Carbondale leaders last week faced the swift opposition that has resulted from a recently publicized proposal to add a police substation at the Eurma C. Hayes Center, which serves the city's predominately black northeast side.
Meeting remotely, members of the city council heard from several citizens concerned about the prospect of adding a police presence at the aging community center, located at 441 E. Willow St.
Others who apparently planned to speak were unable to due to technical difficulties.
The idea to create a substation, which City Manager Gary Williams said remains "purely conceptual," was the result of a proposal directly from the director and board of the Eurma C. Hayes Center to the police department.
"This issue has not been before the city council," said Councilman Jeff Doherty, echoing others, including Mayor Mike Henry, who pointed out that the city does not own the Eurma C. Hayes Center -- or at least it hasn't since it fully divested itself from the building more than a decade ago.
Others, however, including Councilman Tom Grant, reminded the council that the idea of establishing remote policing locations in Carbondale is nothing new and, in fact, has been discussed in varying forms for decades.
Nick Smaligo, an activist with Carbondale Spring and a candidate for city council this cycle, has been among the most ardent voices in the recent grassroots movement to defund the Carbondale Police Department and reinvest the money into other community programs. Smaligo said the city made a false choice when it walked away from the Eurma C. Hayes Center years ago, suggesting city leaders chose a larger police force over funding a child care program and other needs the center provided.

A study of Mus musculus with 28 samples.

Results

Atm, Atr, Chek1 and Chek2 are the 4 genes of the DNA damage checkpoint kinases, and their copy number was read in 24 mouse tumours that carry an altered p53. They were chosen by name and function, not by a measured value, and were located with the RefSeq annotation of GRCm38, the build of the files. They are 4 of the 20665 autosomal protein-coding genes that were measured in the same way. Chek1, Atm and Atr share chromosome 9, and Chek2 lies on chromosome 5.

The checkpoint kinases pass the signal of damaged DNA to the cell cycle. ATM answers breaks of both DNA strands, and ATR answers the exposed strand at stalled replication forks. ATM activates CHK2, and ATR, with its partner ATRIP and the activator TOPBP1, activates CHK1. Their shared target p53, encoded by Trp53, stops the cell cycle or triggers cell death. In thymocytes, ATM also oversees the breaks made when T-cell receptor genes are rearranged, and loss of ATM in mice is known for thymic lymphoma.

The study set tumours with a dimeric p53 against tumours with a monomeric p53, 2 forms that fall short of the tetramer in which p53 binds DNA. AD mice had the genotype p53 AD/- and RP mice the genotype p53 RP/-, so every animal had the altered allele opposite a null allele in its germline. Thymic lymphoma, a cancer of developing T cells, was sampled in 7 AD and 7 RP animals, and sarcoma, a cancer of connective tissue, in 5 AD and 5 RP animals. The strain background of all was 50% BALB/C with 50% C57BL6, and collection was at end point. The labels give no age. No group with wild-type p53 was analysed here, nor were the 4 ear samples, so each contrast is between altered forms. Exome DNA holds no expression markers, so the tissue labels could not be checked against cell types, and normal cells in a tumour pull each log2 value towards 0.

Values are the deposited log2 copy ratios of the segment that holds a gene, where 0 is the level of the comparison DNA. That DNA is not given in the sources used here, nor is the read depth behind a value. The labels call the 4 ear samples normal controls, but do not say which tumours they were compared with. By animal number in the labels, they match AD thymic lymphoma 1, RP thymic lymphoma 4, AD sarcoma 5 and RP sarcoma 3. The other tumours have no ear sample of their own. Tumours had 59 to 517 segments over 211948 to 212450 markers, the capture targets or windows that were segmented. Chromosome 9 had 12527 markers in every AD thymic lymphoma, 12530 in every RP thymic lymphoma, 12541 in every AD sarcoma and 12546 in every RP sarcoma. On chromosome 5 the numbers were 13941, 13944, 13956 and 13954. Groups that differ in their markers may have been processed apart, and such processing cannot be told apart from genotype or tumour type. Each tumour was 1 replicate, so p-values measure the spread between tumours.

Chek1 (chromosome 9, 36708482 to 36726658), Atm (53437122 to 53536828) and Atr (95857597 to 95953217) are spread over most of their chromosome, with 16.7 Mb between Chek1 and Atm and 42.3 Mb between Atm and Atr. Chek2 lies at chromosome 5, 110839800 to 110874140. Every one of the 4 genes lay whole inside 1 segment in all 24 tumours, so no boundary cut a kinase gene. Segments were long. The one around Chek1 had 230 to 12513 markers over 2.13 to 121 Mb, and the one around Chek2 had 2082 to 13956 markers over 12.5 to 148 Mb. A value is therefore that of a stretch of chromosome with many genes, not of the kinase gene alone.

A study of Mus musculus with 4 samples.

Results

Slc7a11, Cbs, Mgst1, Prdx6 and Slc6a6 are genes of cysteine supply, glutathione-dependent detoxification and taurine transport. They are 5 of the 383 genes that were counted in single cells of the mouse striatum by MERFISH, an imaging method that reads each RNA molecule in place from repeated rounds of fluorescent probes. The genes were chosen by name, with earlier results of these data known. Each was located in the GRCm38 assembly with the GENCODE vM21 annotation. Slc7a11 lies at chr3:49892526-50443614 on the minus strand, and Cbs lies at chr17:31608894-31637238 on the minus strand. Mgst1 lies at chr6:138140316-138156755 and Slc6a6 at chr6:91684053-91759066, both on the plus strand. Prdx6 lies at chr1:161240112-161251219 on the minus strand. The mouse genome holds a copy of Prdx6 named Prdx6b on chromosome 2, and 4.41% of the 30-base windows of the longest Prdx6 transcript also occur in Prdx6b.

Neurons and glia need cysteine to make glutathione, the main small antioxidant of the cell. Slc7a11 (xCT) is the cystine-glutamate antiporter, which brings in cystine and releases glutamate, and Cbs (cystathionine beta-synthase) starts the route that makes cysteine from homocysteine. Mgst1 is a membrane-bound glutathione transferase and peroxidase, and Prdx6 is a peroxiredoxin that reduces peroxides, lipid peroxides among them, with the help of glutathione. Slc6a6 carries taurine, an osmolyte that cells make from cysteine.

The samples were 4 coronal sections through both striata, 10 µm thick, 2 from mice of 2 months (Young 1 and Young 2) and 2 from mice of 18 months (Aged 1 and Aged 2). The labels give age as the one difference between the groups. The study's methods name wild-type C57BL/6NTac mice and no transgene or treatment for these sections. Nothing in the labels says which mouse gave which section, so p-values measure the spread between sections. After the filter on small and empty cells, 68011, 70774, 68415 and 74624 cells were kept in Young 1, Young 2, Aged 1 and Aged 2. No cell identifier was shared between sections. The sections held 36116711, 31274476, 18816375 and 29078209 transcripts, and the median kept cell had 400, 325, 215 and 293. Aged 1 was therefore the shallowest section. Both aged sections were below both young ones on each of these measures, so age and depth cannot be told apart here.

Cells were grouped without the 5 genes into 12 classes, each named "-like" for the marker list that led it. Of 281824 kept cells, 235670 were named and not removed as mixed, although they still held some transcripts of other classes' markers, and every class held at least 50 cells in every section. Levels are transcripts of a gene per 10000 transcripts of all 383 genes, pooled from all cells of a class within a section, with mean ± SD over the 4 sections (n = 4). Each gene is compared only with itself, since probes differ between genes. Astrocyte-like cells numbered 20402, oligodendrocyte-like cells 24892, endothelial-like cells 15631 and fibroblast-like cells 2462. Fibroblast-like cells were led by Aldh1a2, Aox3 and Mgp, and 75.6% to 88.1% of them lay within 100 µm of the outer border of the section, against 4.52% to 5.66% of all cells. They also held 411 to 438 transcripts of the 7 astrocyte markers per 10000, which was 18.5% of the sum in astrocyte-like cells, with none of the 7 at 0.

Smaligo further suggested -- as does a Change.org petition that as of Thursday had garnered more than 2,000 names -- that the city back pay the Eurma C. Hayes Center to make up for the past decade.
"There was a political choice made to invest that money in policing instead, and that political choice was hovered over by a falsehood, that there wasn't the money," Smaligo said.
Rodney Morris, a resident of the northeast side and member of Concerned Citizens of Carbondale, said residents of the neighborhood are overwhelmingly against the addition of a police presence, whatever name it goes by.
"We don't care if it's a police substation, an office or a resource center, or whatever they want to call it this week," Morris said.
He said the addition of police would help the building "become a place of conflict rather than a community building."
"The city council can stop this misguided project at any time, and I wish they would," he added. "I wish they would step in and stop this project."
Two members of the council, Mayor Henry and Councilman Lee Fronabarger, questioned the validity of some of the more than 2,000 respondents included on the online petition. Henry, noting there were no signatures, called the list of names "just that and only that." Fronabarger said his analysis showed only 28 percent of the respondents actually live in Carbondale, although he urged those who added their names from far-flung corners of the country to help financially.
"If they have that much interest, I hope they do mail in a donation to the Eurma Hayes Center board to help them with their program," Fronabarger said.
In response, Smaligo noted that people from Carbondale live all over the world.